By this point, it’s common knowledge that people who lived during the Victorian Era had a special relationship with death.
From our contemporary perspective, it’s hard to imagine how much living these people possibly could’ve done when there was such a strong focus on dying. That being said, times change, and their approach to mortality was just as valid then as ours is now.
The connection to death was so strong back then that many people believed that they could communicate with the dead. While some mediums took people’s money and offered them a false sense of comfort through seances, others tried to solidify their so-called “abilities” by capturing the dead on film through the practice of spirit photography.
Spirit photography in its most basic form began to gain interest in Europe back in the 1850s.
Using light tricks and manipulating film during the development process, photographers were able to make it look like they actually took photos of spirits.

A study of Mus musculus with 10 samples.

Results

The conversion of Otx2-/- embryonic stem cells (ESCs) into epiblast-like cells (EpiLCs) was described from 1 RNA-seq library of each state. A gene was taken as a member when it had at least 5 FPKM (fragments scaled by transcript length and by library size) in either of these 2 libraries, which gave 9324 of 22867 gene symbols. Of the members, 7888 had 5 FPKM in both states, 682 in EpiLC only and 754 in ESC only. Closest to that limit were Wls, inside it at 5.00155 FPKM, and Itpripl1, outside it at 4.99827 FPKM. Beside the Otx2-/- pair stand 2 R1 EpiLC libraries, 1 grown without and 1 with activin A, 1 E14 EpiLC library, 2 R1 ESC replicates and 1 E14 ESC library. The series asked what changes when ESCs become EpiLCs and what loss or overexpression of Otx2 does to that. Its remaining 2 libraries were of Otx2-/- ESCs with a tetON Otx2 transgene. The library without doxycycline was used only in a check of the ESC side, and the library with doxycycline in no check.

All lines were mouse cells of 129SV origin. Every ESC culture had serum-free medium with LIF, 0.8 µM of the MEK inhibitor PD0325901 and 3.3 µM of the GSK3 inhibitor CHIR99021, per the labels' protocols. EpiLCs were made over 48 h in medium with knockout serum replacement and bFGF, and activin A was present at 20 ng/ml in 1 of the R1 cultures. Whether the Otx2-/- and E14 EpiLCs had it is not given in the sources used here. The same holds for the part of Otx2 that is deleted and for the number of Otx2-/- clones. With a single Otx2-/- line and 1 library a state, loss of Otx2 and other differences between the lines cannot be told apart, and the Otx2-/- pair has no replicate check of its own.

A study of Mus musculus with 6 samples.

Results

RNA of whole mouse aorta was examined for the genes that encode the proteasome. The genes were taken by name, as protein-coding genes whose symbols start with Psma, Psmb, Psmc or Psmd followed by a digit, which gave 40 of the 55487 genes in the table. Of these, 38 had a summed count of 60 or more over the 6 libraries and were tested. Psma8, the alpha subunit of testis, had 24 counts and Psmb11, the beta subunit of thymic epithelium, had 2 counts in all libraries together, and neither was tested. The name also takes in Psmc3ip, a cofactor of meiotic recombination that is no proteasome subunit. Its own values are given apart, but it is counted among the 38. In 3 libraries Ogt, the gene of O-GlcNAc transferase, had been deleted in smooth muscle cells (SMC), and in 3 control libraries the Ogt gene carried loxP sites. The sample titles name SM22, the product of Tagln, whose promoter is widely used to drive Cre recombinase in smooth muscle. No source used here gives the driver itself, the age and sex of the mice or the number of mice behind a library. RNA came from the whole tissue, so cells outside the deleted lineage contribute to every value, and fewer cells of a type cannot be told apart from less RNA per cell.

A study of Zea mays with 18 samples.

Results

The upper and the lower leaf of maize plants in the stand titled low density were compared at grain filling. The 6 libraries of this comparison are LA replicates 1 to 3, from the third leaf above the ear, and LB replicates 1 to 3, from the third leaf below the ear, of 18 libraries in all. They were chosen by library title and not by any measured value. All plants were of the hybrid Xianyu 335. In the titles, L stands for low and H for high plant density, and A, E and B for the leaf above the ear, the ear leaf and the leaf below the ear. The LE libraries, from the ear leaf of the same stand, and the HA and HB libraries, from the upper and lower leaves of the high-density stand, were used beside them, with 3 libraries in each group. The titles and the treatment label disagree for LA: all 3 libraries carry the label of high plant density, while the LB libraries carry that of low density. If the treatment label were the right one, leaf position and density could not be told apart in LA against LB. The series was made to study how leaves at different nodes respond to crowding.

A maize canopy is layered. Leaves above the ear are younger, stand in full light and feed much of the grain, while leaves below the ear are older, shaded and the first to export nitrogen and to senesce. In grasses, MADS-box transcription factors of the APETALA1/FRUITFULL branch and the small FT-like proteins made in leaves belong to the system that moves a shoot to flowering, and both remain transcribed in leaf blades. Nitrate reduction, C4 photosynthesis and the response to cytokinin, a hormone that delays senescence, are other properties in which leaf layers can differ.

Some of the most skilled spirit photographers even inserted realistic faces of people’s loved ones into their images.
Spirit photography was pretty much exclusive to Europe until the end of the Civil War in 1865. The grief of the post-war era allowed this bizarre phenomenon to take off in America.
The photos were obviously fake.
It’s likely that the people purchasing these photographs knew that on some level. But even worse than spending money on fake photos was the prospect that their loved ones really were gone for good.
As the 1800s rolled into the next century, Europe and America were faced with brutal conflicts that eventually led to World War I. This meant that there was ample work available for entrepreneurial spirit photographers.
As spirit photography became more popular, people needed to continually change up their techniques to avoid being found out.
To many, it was readily apparent that the extremely lifelike faces in these photographs were fraudulent.
That’s when the technique of using ghost stamps came into fashion. Ghost stamps allowed photographers to manipulate images in a way that looked more authentic. Surprisingly, people bought it.
(via Vintage Everyday)
By the 1920s, it was understood that spirit photographers were nothing but manipulators. Once the Great Depression rolled around, the art of spirit photography was all but forgotten.